I recently got an email reminding me that my subscription to the best magazine on the planet, InStyle, was up for renewal and that they’d gladly take $35 or so out of my bank account automatically unless I wished to cancel my subscription.
I love this magazine. It has great interviews, great fashion, affordable hair and makeup suggestions, shoes, jewelry, you name it. It’s 200 pages of Pinterest every month and is perfect for taking on an airplane or flipping through while your significant other is watching football.
But … I have a stack of magazines dating back at least six months. I haven’t been on an airplane in at least two years, and I’d rather read a book when I have a little down time around the house.
So the InStyle subscription got cut, and I’m evaluating whether to axe Netflix, or at least change it to streaming-only. We’ve all heard that if there’s something in your closet that you haven’t worn for a year, get rid of it. Those plaid Tommy Hilfiger pants that don’t fit me, and that still have the tags on them, are never going to fit me. And likewise, I’m shelling out cash each month for subscriptions to items I can’t use. Even Amazon Prime and Spotify – both of which I love (in theory) – are rarely used and have been replaced by free iPhone podcasts and cheap paperbacks at Half-Price Books.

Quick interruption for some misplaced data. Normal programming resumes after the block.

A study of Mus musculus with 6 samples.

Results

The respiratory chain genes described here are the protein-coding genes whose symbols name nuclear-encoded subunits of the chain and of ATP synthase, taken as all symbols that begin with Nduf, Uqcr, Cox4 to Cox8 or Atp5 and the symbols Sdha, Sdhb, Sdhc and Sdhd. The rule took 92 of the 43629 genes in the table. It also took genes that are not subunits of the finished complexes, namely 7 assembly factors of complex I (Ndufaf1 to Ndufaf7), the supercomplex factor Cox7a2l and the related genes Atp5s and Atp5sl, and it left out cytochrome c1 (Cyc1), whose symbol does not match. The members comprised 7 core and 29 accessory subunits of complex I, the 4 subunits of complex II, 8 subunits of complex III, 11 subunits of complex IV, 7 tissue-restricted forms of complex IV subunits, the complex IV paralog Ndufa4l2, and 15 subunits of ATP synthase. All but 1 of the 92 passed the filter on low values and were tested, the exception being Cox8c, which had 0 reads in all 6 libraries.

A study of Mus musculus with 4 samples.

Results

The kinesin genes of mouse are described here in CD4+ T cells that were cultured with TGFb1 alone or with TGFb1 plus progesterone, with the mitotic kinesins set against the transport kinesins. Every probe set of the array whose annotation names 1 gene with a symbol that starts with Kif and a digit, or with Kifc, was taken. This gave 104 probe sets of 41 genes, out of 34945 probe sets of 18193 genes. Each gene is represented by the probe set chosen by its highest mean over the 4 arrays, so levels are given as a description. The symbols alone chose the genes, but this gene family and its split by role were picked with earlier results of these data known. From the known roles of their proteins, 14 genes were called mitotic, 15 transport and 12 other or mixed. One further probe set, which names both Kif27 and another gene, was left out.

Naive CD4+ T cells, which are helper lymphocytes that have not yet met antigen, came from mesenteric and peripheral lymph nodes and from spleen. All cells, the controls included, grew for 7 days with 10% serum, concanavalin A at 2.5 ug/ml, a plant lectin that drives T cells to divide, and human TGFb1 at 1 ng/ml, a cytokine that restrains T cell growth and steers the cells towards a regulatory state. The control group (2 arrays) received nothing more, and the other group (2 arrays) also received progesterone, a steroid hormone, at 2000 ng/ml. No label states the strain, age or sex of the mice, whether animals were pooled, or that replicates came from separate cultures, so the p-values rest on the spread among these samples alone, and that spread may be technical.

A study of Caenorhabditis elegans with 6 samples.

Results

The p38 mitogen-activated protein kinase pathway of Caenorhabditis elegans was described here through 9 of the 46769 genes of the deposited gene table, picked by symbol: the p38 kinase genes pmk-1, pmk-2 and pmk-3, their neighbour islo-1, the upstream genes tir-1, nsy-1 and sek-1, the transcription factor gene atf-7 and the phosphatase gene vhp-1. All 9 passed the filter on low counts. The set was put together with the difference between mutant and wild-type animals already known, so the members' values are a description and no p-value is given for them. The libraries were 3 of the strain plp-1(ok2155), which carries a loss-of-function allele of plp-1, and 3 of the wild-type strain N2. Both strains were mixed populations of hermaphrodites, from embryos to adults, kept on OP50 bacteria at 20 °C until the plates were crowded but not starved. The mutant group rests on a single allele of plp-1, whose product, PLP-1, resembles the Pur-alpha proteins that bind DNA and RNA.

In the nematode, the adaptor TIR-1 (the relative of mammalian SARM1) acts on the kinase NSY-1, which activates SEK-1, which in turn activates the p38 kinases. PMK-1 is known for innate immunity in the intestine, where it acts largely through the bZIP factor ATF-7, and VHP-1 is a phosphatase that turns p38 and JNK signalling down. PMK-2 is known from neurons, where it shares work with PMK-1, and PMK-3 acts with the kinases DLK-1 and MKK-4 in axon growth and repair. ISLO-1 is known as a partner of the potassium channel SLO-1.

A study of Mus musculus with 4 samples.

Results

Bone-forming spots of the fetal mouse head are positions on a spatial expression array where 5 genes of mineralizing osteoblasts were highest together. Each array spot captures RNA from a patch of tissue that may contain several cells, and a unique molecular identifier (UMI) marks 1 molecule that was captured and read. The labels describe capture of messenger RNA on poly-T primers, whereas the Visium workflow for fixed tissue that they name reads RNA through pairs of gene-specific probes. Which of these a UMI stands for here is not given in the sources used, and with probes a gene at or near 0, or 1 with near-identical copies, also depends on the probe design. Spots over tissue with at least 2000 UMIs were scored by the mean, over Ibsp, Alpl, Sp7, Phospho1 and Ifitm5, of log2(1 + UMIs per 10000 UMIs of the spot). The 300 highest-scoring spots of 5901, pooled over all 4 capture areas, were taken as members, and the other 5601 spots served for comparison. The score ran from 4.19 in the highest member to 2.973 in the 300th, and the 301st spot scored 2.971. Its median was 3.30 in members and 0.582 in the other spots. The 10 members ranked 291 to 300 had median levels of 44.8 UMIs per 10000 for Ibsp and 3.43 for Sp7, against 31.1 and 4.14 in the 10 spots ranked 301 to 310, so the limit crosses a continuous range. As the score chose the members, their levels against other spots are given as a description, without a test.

I don’t think that re-evaluating my recurring credit card charges is going to make a massive change in my bank account, but I do think it’s a good practice to ensure that the items on which we spend money are items we actually use.
Does anyone else buy a bag of salad and a bunch of bananas at the grocery store every Saturday? I can’t tell you how many times I’ve thrown out milk and lunch meat. I got sick a couple of weeks ago and went for a Saltine cracker and just about broke a tooth.
Wise choices will help us to live cleaner, simpler lives, and maybe we’ll end up with an extra $20 at the end of the month.